Making Changes to Function Graphics Code
QUESTION: Is there a way to modify the function graphics code that comes with IDL 8 and above? It is driving me crazy that there is no way to obtain the values of a plot function that I set in the INIT method of the object. I am thinking in particular of properties like Margin and Position.
What I would really like to do is write code like this.
p = plot(Findgen(20)) Print, p.margin
ANSWER: The answer to this question is provided by someone who actually knows something about function graphics. (Coyote and I have decided not to learn about them in any detail until the documentation more or less matches the functionality.) This answer has been lightly edited for clarity, but can be found in full in this Friday the 13th, 2012 article in the IDL newsgroup.
If you are fearless, don't mind rolling up your sleeves and perhaps your pantlegs, and enjoy the thought of diving deep (well, just six routines deep) into the "internal" .pro routines, it's pretty straightforward to answer the question "How?"
If you have none of these qualities, remain ashore and read no further. Contact IDL Technical Support with a feature request, and return to the safety of your home.
There's no reverse engineering since the .pro code is exposed. But there is hacking.
You have set sail to Terra Incognita, where a secret dialect is fluently spoken only by the natives known as The Second Floor*. Here there be undocumented IDL.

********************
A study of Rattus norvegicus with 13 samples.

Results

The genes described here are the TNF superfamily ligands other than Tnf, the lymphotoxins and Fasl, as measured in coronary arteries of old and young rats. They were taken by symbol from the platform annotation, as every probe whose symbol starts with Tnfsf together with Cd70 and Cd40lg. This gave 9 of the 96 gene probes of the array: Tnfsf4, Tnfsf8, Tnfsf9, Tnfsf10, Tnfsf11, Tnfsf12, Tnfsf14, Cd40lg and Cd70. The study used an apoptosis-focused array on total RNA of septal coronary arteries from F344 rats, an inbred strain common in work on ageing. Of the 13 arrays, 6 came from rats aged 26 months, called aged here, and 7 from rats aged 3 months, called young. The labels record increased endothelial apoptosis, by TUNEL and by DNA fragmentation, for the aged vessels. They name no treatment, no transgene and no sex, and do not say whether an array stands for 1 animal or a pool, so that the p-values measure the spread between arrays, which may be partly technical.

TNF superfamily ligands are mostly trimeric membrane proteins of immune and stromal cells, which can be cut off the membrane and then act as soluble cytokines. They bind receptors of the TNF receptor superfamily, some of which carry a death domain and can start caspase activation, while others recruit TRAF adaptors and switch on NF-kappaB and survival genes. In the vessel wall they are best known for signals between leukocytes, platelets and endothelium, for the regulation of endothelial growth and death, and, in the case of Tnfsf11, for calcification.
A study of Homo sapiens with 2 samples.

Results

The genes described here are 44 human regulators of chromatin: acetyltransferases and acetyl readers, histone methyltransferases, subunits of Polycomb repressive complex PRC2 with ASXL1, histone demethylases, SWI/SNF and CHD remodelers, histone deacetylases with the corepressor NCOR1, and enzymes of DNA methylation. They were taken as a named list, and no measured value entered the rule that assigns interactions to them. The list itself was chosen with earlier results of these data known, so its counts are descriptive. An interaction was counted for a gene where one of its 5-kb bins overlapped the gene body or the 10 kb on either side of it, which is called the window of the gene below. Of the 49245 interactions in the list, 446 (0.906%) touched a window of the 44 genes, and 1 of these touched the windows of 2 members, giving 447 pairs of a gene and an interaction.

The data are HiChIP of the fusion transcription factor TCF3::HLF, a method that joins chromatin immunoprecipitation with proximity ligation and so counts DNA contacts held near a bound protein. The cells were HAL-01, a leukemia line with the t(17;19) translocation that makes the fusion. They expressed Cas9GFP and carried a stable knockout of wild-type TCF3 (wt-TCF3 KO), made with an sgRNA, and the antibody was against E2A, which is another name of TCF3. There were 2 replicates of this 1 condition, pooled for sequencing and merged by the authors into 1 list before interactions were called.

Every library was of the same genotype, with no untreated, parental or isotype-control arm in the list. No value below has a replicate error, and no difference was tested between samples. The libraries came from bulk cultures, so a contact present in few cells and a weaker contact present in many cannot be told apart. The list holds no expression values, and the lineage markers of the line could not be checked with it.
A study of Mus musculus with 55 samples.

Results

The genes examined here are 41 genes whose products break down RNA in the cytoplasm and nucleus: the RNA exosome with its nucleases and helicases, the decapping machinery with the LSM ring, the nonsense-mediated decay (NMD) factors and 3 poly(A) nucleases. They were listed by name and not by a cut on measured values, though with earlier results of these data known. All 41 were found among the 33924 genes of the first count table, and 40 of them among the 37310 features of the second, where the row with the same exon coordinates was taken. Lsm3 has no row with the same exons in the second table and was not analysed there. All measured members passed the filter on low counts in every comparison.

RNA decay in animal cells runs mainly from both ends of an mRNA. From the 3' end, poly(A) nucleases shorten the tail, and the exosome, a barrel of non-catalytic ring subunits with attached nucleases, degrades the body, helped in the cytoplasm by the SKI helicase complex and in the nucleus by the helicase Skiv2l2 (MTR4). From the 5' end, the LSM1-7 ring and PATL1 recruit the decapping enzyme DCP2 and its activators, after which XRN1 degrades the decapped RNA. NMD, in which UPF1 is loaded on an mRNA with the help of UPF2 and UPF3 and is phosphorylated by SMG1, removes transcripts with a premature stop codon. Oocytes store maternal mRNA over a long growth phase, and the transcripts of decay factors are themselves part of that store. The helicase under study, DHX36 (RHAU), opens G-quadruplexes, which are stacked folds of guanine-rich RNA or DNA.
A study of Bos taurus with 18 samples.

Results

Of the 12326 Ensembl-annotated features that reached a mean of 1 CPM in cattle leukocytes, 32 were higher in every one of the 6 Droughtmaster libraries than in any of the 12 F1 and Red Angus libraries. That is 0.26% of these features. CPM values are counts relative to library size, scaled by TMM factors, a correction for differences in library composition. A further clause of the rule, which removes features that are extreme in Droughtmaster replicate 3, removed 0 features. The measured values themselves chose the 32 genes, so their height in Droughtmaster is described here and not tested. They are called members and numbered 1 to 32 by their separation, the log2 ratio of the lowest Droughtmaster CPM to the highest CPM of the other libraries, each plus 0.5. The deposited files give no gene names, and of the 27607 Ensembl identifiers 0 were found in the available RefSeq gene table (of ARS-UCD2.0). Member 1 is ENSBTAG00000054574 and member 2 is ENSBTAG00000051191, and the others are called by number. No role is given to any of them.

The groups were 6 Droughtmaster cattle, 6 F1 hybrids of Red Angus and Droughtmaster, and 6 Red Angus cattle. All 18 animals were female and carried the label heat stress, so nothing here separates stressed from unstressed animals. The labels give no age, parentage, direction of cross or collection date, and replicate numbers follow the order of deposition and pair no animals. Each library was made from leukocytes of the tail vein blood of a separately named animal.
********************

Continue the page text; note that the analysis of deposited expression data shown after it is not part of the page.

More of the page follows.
As a shortcut to getting to the crux of your question, execute the following slightly illegal statement from the IDL Workbench.IDL> p = plot(/Test, Margin=[0,0,0], /Debug)
This will cause IDL to stop with the following error:% MARGIN must have 1 or 4 elements.
All the display geometry calculation is in an editor window showing the routine in which you've stopped.
Set a breakpoint in the method, recompile, RETALL, then re-run with some valid input.
If you have the mad IDL debugging skilz, you'll see that the MARGIN value is likely discarded when other values are derived from it. By itself it never appears to be stored as a property of your plot object, such as in an obvious member variable.
If you back your way slowly and carefully out of the call stack (Show no fear! New Graphics can smell fear!), you may be able to discern how the derived values are used in subsequent calculations.
Of course the harder questions to answer are, "How do I change this to do what I want?" and the more generic "Why was it implemented this way?" These are exercises left for the reader.
*I'm on the third floor. We don't get capitalization up here.
Note that if you are running IDL on the Windows 7 operating system it will do you no good to set a breakpoint in IDL code that lives in the IDL distribution directories. You have no permission to write to those directories (although you will have no indication this is the case, or that anything is wrong with what you are trying to do, it just won't work). Copy the IDL code to a directory you do have permission to write into (say, the temp directory) and work with the code there.
Version of IDL used to prepare this article: IDL 8.1.